Domingo as a naval and military base


From

out this maze of sordid intrigues two or three facts challenge our attention. Both Bonaparte and Charles IV. regarded the most fertile waste lands then calling for the plough as fairly exchanged against half a million of Tuscans; but the former feared the resentment of the United States, and sought to postpone a rupture until he could coerce them by overwhelming force. It is equally clear that, had he succeeded in this enterprise, France might have gained a great colonial empire in North America protected from St. Domingo as a naval and military base, while that island would have doubly prospered from the vast supplies poured down the Mississippi; but this success he would have bought at the expense of a _rapprochement_ between the United States and their motherland, such as a bitter destiny was to postpone to the end of the century.

The prospect of an Anglo-American alliance might well give pause even to Napoleon. Nevertheless, he resolved to complete this vast enterprise, which, if successful, would have profoundly affected the New World and the relative importance of the French and English peoples. The Spanish officials at New Orleans, in pursuance of orders from Madrid, now closed the lower Mississippi to vessels of the United States (October, 1802). At once a furious outcry arose in the States against an act which not only violated their treaty rights, but foreshadowed the coming grip of the First Consul. For this outburst he was prepared:

General Victor was at Dunkirk, with five battalions and sixteen field-pieces, ready to cross the Atlantic, ostensibly for the relief of Leclerc, but really in order to take possession of New Orleans.[202] But his plan was foiled by the sure instincts of the American people, by the disasters of the St. Domingo expedition, and by the restlessness of England under his various provocations. Jefferson, despite his predilections for France, was compelled to forbid the occupation of Louisiana: he accordingly sent Monroe to Paris with instructions to effect a compromise, or even to buy outright the French claims on that land. Various circumstances favoured this mission. In the first week of the year 1803 Napoleon received the news of Leclerc's death and the miserable state of the French in St. Domingo; and as the tidings that he now received from Egypt, Syria, Corfu, and the East generally, were of the most alluring kind, he tacitly abandoned his Mississippi enterprise in favour of the oriental schemes which were closer to his heart. In that month of January he seems to have turned his gaze from the western hemisphere towards Turkey, Egypt, and India. True, he still seemed to be doing his utmost for the occupation of Louisiana, but only as a device for sustaining the selling price of the western prairies.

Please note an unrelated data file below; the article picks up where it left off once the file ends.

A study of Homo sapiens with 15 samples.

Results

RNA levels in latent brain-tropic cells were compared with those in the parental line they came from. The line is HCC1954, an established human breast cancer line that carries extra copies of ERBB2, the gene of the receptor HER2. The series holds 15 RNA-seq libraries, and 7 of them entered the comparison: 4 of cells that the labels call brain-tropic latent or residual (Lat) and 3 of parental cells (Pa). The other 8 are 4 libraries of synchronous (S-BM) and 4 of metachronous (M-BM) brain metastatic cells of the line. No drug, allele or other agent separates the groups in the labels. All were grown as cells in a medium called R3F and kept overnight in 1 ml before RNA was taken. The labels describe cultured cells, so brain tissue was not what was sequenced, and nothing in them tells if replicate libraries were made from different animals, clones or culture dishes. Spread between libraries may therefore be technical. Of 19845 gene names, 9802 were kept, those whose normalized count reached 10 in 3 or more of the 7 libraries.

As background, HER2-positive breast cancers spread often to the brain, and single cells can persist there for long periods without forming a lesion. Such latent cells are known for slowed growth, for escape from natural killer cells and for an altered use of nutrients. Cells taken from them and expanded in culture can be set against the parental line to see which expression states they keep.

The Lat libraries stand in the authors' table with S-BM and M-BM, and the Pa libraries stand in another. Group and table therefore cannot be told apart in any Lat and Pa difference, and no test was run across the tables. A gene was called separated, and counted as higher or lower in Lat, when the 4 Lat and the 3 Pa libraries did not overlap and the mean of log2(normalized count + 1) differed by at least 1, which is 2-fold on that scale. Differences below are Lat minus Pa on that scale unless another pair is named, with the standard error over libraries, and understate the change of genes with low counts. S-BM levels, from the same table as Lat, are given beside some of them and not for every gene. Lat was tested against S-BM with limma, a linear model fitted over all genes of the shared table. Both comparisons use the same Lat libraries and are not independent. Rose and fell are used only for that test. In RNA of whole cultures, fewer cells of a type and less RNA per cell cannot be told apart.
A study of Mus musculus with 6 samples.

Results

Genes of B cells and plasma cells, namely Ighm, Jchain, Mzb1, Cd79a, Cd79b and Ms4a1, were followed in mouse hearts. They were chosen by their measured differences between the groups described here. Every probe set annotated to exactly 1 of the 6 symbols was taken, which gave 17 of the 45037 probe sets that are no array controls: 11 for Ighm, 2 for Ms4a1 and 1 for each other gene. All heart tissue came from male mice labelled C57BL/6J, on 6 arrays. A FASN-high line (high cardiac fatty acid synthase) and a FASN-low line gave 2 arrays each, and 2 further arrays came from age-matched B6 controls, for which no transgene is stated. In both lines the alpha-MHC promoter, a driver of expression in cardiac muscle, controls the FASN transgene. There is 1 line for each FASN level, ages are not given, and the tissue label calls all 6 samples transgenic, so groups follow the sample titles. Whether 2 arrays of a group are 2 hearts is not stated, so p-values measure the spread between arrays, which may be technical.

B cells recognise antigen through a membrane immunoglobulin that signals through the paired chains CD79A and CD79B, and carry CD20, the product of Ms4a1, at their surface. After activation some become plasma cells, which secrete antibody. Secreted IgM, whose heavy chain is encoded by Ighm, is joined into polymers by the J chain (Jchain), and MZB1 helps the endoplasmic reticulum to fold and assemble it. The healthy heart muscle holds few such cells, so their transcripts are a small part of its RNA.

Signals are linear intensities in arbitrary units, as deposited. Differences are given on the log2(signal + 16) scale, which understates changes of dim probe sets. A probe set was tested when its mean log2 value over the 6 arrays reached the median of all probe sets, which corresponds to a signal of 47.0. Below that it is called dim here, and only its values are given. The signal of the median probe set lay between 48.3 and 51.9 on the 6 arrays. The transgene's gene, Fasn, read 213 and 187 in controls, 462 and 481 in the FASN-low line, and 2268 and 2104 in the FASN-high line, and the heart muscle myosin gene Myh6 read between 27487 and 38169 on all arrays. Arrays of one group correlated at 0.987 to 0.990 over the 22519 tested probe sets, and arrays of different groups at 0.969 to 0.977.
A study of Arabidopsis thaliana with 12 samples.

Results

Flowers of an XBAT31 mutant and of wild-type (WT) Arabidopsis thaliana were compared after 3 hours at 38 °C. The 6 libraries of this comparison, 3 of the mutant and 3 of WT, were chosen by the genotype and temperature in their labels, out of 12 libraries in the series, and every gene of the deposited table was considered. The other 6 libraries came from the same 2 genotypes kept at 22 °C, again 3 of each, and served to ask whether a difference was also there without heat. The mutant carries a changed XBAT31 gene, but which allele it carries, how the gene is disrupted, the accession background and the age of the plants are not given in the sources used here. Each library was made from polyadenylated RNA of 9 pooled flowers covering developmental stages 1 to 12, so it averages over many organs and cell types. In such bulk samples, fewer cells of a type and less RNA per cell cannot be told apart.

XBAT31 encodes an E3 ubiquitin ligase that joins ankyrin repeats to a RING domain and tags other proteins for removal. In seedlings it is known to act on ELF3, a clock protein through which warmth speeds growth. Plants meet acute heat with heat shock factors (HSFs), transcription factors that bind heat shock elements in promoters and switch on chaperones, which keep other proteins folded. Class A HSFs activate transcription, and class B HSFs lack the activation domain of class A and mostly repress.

When the news of this change of policy reached the ears of Joseph and Lucien Bonaparte, it aroused their bitterest opposition. Lucien plumed himself on having struck the bargain with Spain which had secured that vast province at the expense of an Austrian archduke's crown; and Joseph knew only too well that Napoleon was freeing himself in the West in order to be free to strike hard in Europe and the East. The imminent rupture of the Peace of Amiens touched him keenly: for that peace was his proudest achievement. If colonial adventures must be sought, let them be sought in the New World, where Spain and the United States could offer only a feeble resistance, rather than in Europe and Asia, where unending war must be the result of an aggressive policy.